A report to government on securing enough baseload power for future electricity needs is said to warn of a looming gap in the nation’s supplies as coal-fired stations shut down.
The Australian Energy Market Operator report cites the risk of a major shortfall with the potential to drive up household electricity bills, according to The Australian.
The problem is likely to worsen over the next decade as coal-fired stations close and the eastern states lose huge reserves of energy that can be supplied regardless of weather conditions or time of day.
The newspaper says the warning comes as fewer Australians are prepared to pay more for renewable power, with a Newspoll indicating an increase from 45 per cent to 49 per cent in the number of people who say they will reject a premium.
Energy Minister Josh Frydenberg is set to publicly release the AEMO report this week after receiving the document on Monday.
It was commissioned to inform the government’s thinking on a clean energy target and other long-term policies to help boost investment in the power industry.
A review by chief scientist Dr Alan Finkel recommended a clean energy target at the heart of any long-term policy, to give certainty to investors in power generation while meeting Australia’s emissions targets.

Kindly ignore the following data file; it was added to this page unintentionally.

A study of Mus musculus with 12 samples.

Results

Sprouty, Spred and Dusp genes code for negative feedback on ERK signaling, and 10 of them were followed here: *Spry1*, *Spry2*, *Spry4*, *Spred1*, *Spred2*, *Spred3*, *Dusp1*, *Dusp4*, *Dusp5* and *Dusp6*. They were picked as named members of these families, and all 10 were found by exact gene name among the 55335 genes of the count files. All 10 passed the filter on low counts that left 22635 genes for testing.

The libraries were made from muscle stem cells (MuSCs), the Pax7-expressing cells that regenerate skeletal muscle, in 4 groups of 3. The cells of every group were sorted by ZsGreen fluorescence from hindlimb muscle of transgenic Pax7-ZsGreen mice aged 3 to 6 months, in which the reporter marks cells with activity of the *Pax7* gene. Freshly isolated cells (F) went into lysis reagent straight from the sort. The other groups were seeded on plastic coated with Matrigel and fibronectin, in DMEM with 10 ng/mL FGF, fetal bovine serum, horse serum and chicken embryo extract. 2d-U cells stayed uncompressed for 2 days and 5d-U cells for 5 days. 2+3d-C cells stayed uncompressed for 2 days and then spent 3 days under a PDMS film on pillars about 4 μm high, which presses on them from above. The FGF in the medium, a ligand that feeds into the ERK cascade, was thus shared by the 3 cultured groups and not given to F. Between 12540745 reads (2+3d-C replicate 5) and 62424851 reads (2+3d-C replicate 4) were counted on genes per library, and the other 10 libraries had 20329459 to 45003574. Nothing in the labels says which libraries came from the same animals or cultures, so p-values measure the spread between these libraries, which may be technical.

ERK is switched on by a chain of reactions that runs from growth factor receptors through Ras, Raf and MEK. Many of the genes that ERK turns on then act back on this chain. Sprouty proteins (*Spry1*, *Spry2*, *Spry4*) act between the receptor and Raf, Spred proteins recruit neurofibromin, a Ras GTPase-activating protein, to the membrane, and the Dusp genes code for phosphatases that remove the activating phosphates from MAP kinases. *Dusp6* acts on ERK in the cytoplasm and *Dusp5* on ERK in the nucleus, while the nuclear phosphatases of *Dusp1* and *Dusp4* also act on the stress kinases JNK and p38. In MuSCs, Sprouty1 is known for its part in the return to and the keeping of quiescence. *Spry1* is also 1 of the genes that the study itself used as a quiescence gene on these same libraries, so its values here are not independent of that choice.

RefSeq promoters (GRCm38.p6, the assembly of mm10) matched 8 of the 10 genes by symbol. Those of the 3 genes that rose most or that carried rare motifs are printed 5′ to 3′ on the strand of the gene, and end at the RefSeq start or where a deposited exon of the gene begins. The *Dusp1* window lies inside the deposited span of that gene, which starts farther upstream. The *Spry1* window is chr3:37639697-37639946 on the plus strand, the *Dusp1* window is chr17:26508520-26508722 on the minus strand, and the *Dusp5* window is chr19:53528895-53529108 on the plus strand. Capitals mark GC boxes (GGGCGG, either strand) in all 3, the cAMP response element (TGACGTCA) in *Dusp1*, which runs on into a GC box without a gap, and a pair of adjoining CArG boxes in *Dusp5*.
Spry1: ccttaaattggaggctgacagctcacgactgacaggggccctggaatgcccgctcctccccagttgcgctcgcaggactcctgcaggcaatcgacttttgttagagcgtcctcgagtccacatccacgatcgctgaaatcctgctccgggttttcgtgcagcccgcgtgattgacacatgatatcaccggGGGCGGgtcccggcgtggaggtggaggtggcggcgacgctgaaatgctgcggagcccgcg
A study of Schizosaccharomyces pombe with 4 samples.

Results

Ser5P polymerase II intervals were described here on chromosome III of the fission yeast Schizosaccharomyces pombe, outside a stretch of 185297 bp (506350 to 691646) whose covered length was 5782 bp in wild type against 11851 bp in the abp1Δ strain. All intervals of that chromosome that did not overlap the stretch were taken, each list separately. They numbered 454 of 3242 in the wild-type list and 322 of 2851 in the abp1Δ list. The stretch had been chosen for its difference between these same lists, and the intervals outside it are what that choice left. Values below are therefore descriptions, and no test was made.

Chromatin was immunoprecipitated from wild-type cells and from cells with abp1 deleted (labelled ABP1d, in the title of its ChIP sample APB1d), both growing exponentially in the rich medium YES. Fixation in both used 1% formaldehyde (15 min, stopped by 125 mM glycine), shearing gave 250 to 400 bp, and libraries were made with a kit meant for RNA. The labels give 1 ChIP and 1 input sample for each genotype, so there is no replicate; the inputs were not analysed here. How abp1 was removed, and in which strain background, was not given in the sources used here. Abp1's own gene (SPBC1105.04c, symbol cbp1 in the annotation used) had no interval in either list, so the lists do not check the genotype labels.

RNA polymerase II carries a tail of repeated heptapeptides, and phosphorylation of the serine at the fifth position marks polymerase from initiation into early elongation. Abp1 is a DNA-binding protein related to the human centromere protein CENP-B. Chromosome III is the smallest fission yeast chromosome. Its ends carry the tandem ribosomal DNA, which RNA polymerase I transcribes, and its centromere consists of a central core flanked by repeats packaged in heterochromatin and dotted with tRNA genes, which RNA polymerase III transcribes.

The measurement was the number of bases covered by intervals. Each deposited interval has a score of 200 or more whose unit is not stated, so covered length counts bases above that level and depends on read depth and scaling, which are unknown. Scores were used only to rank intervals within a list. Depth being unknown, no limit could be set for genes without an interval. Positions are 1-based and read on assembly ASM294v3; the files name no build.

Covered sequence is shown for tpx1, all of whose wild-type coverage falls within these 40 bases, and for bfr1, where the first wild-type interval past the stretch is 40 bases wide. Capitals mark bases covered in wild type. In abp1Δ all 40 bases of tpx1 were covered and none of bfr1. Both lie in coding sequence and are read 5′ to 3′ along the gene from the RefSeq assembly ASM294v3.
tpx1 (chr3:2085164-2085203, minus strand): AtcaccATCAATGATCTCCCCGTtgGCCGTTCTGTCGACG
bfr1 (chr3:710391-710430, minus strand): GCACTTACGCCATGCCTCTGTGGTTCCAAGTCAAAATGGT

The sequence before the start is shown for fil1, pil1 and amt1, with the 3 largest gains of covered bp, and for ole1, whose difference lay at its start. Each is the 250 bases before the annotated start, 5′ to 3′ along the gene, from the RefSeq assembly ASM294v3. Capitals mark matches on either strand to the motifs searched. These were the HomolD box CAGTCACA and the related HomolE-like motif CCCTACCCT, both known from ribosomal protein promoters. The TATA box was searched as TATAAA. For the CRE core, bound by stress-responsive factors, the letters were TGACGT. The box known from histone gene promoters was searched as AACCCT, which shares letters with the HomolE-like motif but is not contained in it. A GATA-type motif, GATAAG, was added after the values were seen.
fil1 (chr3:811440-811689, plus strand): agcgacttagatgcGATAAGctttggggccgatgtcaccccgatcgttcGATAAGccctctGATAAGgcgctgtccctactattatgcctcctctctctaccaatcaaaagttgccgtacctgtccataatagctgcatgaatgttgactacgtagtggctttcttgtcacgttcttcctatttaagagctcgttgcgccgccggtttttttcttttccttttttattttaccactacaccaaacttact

Any clean energy target is not expected to start until 2020, when the existing renewable energy target is set to end.
Malcolm Turnbull has shown strong interest in battery and pumped hydro storage systems, to make renewable energy more reliable and flexible enough to meet changes in demand.
But he’s also facing pressure within the coalition and the resources sector to find ways to keep coal-fired power stations running for longer or invest in new plants using cutting-edge technology to reduce emissions.
The prime minister is aiming to finalise the policy by the end of the year.
Energy policy will be a key issue at Minerals Week starting in Canberra on Tuesday evening.
Mr Turnbull will address a dinner on Wednesday night.